Album Review: Animal Collective - Painting With

Album Reviews
02/23/2016
Gerrit Feenstra

It feels like a long time since we last saw Animal Collective, not because three and a half years is an egregiously long time to wait for a new album, but because so much has happened since then, both within the Collective and out of it. Centipede Hz came out in September of 2012, an album which, in a lot of ways, put the band back in the swamp that they'd risen slightly out of with the shimmering pop swarm of Merriweather Post Pavilion. After working on their darkest project ever, the visual album , the band made a strenuous voyage towards creating a Merriweather follow up as a quartet. The album was a doozy, jam packed with experimental sound and sonic fury and near merciless to all but the experienced Animal Collective listener. After a supporting tour featuring a giant inflatable mouth, the members returned to their solitary states, dispersing across the globe for a reprieve. What followed were years of some solo projects and some child-rearing, and a lot of Animal Collective growing into themselves as human beings. Coming back together for the childlike joy of Painting With, you can feel this fact more than ever, as Avey Tare, Panda Bear, and Geologist all come out of the shadows for a romp of a record that invites the listener to join in the eclectic fun more than ever before.

Lead single "Floridada" hits you right out of the gate, and immediately, you realize that this is not the same Animal Collective that gave you Centipede. The first reason is obvious: Deakin is not taking part in this record, and the band has assumed a trio for recording the new album. The second reason is more hidden: even the trio setting of Merriweather doesn't explain the outright brightness of the album's pop wonder of a single. Picture the first time you heard "In The Flowers" - here, there is a warmth and a light that you see through a mist that you don't really understand. on the contrary, "Floridada" smacks you with the light until you smile along with it. There are no filters or overdubs or anything else standing between you and the goofy synthetic sounds emerging from the drum circle in front of you. It's giddy to the point of being a little bit creepy. It's an unflinching positivity that scares you like a happy clown. This is the Animal Collective we get on Painting With - don't be surprised if experience doesn't prepare you for what the future holds.

The album's title and the band's promotional iPhone app of the same name both give you a clue as to what exactly has propelled the new direction. For this album's recording process, the band chose a radically different approach than Centipede. All now living in different places around the world, Avey, Panda, and Geologist all rented a space in LA to write and record the LP in a furious collection of jams. All bringing their own collection of wacky sounds (Avey's lead oscillating synth being the most standoffish of the bunch), the three seem to approach every song as a simultaneous real-time collaborative painting project. If there's an accidental harmony that works great, awesome! If there's a misstep that throws things for a loop, even better. While the sounds themselves may be sharper than ever (void of Animal Collective's previously ubiquitous love of post-production), the songs herein are rough and tumble. It very quickly becomes clear why the band have called this one their "Ramones" record.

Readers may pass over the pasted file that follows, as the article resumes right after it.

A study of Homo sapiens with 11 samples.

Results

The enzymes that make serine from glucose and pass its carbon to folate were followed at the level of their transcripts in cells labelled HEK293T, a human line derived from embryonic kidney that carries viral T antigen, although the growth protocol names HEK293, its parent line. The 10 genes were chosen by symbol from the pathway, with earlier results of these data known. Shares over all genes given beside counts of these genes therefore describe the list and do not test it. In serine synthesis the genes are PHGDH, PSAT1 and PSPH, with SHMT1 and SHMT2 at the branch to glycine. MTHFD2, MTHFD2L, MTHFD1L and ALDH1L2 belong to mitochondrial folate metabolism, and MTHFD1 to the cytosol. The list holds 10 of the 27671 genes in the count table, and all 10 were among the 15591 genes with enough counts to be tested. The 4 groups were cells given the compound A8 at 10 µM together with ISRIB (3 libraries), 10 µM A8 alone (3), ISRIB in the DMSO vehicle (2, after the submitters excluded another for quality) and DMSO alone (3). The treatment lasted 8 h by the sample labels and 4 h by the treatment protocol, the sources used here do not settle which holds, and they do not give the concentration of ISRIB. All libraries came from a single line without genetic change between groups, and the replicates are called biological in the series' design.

Much like Merriweather before it, Painting With goes song by song handing reins off between Avey and Panda Bear. Last time we saw Avey, it was with Slasher Flicks, his project with Angel Deradoorian, taking influence from classic horror camp and usual Avey Tare antics. Thankfully, the project had a distinctly ghoulish sound, and Avey got to save up a lot of his spare swamp noises for Painting With, and they are here in plentiful numbers. For Panda Bear, our last visit was Grim Reaper, his concept album about looking death in the face over a groovy experimental beat. I'd say apples to apples it sounds like Avey has the lion's share of instrumentation on Painting With, while many of Panda Bear's Grim Reaper vocal tendencies take precedent (mostly the alternating vocal see-saw we were introduced to on "Boys Latin").

Painting With moves quite quickly. With the slimmest run time of any Animal Collective record in recent history, it burns through many songs barely clocking the three minute marker. But what the band lack in experimental mantra, they make up for aplenty with fresh, lively jam-oriented statements. While there's plenty of sheen, this really feels like a back-to-basics Animal Collective record, feeling the most forward and aggressive since Sung Tongs (minus the screeching banshee vocals). Here, the band is embracing unapologetic positivity and childlike wonder for the first time in ages. It might be due to the fatherhood that some of its members find themselves living into in recent years. Or, it might be one of our favorite experimental bands just throwing us for another loop. Whatever the case may be, Painting With is a delightful adventure in collaboration, from whatever state you find yourself in.

Painting With is out now through Domino Recordings! Grab it at your local record store on CD or vinyl. Animal Collective are touring the new album as a trio, and they will make a stop at the Neptune with opener Ratking on March 4! The show is sold out, but you can check it out here.